The Child Abuse Prevention Society is a registered, for-profit organization that solicits money from the public to buy child abuse prevention materials and put on programs in preschools and day-care centers, says the group's project manager, Chris Boudreaux.

Boudreaux told the Deseret News his organization has suffered because of recent news stories questioning its nature. He said all but two of the company's phone solicitors and a secretary have quit."People are sending back letters calling us a fraud and telling us we should be ashamed of ourselves, and that's why we lost most of our people. That just makes me more determined to keep going."

He said the organization is not trying to hide the fact that it is a for-profit business, even though the bad publicity has kept it from making a profit thus far.

Many people who had responded to phone solicitations decided not to send in their money, so he had to delay paying for some of the printed materials he had ordered and had to put off scheduled presentations at preschools and day-care centers, he said. Although phone solicitations began in late October, the group didn't do its first presentation until this week.

Salt Lake police had advised people not to donate to Salt Lake CAPS, saying they hadn't been able to find out if it was registered with the state or city. But Sgt. Roy Wasden later told the Deseret News he had since discovered it is a licensed, for-profit business.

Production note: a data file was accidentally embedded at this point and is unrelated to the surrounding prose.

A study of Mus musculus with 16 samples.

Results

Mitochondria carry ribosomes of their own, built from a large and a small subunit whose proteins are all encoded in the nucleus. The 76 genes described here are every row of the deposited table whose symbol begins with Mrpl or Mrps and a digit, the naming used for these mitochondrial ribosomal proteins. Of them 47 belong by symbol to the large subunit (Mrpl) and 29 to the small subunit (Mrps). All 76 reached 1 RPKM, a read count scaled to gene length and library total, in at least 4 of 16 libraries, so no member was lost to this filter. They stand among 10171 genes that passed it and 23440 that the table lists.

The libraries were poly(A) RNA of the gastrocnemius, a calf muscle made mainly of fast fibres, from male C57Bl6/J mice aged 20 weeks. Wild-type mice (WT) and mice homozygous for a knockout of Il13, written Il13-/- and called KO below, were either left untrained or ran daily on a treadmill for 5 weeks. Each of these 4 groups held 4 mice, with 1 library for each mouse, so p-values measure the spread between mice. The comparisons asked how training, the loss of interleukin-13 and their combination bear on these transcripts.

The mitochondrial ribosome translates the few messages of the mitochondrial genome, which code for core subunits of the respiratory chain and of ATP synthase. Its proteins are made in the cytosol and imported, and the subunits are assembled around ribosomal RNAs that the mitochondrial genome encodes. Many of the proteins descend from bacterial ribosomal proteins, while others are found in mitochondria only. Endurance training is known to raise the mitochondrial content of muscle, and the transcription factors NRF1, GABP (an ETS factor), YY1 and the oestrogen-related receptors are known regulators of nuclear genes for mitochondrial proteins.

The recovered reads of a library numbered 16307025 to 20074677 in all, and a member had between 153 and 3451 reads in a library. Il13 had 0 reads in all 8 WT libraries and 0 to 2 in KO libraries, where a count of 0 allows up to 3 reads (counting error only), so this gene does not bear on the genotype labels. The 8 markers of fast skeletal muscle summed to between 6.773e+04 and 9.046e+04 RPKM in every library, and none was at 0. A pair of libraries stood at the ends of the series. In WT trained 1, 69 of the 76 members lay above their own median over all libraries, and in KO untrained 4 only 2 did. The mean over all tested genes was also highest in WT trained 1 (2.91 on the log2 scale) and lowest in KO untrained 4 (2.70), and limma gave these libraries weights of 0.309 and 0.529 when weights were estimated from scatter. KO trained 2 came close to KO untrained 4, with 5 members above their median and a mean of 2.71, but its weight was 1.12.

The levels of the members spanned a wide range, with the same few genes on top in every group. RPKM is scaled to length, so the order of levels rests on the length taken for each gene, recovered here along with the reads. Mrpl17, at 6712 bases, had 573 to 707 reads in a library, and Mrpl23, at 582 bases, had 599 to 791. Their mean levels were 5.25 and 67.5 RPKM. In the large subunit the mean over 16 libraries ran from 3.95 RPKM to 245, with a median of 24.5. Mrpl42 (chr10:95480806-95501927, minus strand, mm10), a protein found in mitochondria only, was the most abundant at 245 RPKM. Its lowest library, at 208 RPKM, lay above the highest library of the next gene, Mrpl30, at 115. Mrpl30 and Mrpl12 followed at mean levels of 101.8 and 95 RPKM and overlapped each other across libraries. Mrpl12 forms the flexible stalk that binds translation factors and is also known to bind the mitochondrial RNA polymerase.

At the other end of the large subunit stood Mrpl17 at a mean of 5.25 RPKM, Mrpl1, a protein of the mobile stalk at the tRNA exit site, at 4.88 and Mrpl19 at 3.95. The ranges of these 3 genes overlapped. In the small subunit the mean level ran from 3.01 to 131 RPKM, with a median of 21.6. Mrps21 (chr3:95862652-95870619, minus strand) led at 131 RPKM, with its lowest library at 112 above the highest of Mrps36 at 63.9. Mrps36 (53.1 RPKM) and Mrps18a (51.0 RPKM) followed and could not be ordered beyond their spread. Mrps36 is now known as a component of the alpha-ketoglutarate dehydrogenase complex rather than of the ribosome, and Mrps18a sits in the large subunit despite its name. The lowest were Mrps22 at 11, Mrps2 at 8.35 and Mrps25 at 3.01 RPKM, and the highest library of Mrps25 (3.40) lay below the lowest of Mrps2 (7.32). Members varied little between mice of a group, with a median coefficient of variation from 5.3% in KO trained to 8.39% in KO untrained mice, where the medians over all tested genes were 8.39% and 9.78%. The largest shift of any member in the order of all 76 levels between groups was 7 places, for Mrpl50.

The state Department of Social Services issued a press release warning residents about an unnamed for-profit child abuse prevention organization. The release said people should not confuse it with the non-profit Utah Chapter of the National Committee for the Prevention of Child Abuse.

The Salt Lake CAPS acronym can easily confuse people, since the Utah Chapter has set up local volunteer groups called Child Abuse Prevention, or CAP, groups, said Social Services spokeswoman Terry Twitchell.

Twitchell confirmed Thursday that the release concerning the unnamed organization referred to Salt Lake CAPS, although the statement could also apply to any similarly situated for-profit organization.

She said Social Services just wants people to be clear on the for-profit or non-profit nature of organizations they support.

But Boudreaux said that can be a false distinction, because many non-profit charities use more of their donation money for administrative costs than does his company. He said Salt Lake CAPS devotes 12 percent of its revenue to its charitable purpose.

In the company's filing with the state Consumer Protection Division as a charitable organization, Boudreaux's expense listing said 40 percent of revenue goes to solicitors; 10 percent to drivers; 9.5 percent, phones; 16.6 percent, management; and 4.16 percent, rent, said division employee Margaret Langman.

The state division had ordered the company on Dec. 16 to cease and desist from soliciting funds until it had registered under the Charitable Solicitations Act.

Boudreaux said he had registered the company's corporate name in August but hadn't known of the charity registration requirement, and as soon as he found out, he made the filing. On Dec. 20 the division vacated its order.

As far as the division is concerned, the company is in compliance with the laws it administers, said Pat Eyre, division public information officer.

Twitchell said Social Services personnel reviewed the CAPS child abuse prevention materials and found them to be adequate, though not the best they could be.